Tears fall, one at a time
fingers fumble, and try to stop the flow
the silence is cold, and suddenly harsh.
Reality returns, and with it time speeds up.
The air is warm with the electricity of words said
Words not able to be taken back.
A hastened, "I'm sorry, I love her instead."
The slow, "Are you sure? You said you loved me."
Noise returns in incremental pieces.
A car around the corner, a bird outside the window.
The realization that the world was crying with her.
Rain began it's lazy descent
The curtains hung with their collected moisture.
Suddenly, with a breath of consciousness,
and a return to the normal, she grabbed her keys from the hook
and dashed for her car.
Turn the key.
Lights and wipers on.
Car in gear.
Thoughts came in fragments, pieces of greater actions.
Her head was protecting her heart from the pain...
Aimless wandering became a specific pattern.
The pattern she repeated every Tuesday night.
His house. The gas station on Third. Her mom's office.
The park. Then back to his house.
Her house grew large in her windshield.
The car in Park she sat and stared at the structure she knew so well.
This was it. This was ground zero.
Two hours ago she'd waited with bated breath.
A four word text.
"Can I come by?"
Now that it was dark she noticed her family moving silently.
Her mother laughed while standing at the stove.
Her father at the sink.
The dog was looking out the front door with a look of content.
All was well in this household. No broken hearts.
No fights late at night. No sadness.
Or so it appeared.
Hidden from the world was a different view.
The vodka bottles in the trash.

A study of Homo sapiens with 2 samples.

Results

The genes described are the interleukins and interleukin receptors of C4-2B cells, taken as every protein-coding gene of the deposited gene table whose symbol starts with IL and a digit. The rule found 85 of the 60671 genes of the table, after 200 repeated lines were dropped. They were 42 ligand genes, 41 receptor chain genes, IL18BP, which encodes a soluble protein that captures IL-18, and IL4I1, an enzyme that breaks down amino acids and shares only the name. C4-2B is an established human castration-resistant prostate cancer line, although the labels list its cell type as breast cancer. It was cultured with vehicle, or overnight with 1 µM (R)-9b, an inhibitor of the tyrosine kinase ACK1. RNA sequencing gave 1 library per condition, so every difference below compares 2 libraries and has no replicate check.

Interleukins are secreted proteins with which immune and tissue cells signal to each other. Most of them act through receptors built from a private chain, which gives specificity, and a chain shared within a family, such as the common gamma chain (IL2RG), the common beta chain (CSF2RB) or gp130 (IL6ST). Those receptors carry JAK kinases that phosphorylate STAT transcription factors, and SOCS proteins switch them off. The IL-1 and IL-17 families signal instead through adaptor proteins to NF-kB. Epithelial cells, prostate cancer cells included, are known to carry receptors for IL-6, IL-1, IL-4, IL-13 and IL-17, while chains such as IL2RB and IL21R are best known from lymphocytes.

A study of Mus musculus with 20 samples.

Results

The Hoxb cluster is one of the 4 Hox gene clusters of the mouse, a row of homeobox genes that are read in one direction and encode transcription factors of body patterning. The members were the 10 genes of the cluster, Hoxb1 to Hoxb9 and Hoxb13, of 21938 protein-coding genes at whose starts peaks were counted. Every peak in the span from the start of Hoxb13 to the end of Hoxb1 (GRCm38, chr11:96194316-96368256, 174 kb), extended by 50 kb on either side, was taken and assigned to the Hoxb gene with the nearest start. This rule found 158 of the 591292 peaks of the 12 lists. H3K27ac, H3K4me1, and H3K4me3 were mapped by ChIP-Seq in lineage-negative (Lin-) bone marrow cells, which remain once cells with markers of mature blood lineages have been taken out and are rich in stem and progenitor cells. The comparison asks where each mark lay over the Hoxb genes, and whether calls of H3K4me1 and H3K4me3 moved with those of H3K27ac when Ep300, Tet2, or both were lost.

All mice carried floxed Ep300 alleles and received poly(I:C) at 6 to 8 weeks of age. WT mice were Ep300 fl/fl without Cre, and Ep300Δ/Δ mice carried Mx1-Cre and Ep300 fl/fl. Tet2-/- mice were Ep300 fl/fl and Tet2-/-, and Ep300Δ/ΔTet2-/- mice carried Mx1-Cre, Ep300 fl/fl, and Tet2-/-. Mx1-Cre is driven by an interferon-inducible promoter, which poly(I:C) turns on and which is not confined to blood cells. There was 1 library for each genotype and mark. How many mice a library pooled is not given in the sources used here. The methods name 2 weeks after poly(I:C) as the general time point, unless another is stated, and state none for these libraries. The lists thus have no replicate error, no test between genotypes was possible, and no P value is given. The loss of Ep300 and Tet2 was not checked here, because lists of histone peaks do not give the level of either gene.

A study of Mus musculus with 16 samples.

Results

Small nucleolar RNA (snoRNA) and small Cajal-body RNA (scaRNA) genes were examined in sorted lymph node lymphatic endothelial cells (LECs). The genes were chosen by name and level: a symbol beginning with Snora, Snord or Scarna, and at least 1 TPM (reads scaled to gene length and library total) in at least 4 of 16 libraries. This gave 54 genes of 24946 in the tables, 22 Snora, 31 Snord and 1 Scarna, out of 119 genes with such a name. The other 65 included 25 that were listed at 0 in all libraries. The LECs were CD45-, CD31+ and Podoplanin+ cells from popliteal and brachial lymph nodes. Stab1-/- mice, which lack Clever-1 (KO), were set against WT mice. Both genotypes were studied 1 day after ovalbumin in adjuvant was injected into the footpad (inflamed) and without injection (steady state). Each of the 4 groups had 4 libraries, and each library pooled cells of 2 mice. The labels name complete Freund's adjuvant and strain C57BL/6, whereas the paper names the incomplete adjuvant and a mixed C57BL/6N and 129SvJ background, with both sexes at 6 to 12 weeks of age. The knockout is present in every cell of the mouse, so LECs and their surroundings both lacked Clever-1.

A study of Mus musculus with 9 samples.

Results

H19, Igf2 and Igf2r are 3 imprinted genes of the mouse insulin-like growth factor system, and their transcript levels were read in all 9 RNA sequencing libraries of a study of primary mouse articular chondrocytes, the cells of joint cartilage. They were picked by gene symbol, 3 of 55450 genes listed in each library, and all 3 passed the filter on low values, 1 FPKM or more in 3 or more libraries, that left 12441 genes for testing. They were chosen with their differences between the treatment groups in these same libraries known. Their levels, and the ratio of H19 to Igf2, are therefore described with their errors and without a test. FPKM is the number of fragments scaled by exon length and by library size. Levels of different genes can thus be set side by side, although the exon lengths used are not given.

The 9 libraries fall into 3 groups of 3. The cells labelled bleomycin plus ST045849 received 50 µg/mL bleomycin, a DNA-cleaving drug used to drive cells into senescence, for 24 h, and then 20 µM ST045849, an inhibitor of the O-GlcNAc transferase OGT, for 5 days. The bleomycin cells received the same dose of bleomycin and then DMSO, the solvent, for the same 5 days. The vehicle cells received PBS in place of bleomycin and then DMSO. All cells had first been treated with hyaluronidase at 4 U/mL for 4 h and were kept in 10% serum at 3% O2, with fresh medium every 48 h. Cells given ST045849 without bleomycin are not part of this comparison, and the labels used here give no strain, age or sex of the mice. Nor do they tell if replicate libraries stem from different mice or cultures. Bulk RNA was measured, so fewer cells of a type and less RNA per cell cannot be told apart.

The pills in the cupboard by the bathtub.
The bruises and scrapes, so carefully concealed.
They looked like the poster family.
Father with a job at the bank.
Mother in a real-estate office.
Two older daughters in small colleges.
And a daughter who wore the wrong clothes.
Spoke the wrong way. And dated the wrong guys.
The world never saw the youngest Harper daughter.
No. Marissa was the black sheep. She was hidden away.
People would know about her now though.
Marissa would finally get noticed.
Blood fell. A drip at a time. This time the fingers didn't try to stop it.
The lights from cars flashed across her skin as they drove past.
This time no one stopped to help.
A pool of blood grew beneath her and trickled over the edge of the granite step.
When morning came it was too late.
Blood had congealed, and skin had turned a pale white.
Marissa had been noticed. The newspaper bore her picture.
This is what the Harper family really was like. A dead daughter.
Not just dead, but bloody and sordid.
The letter was short. It simply stated, "I loved you anyway."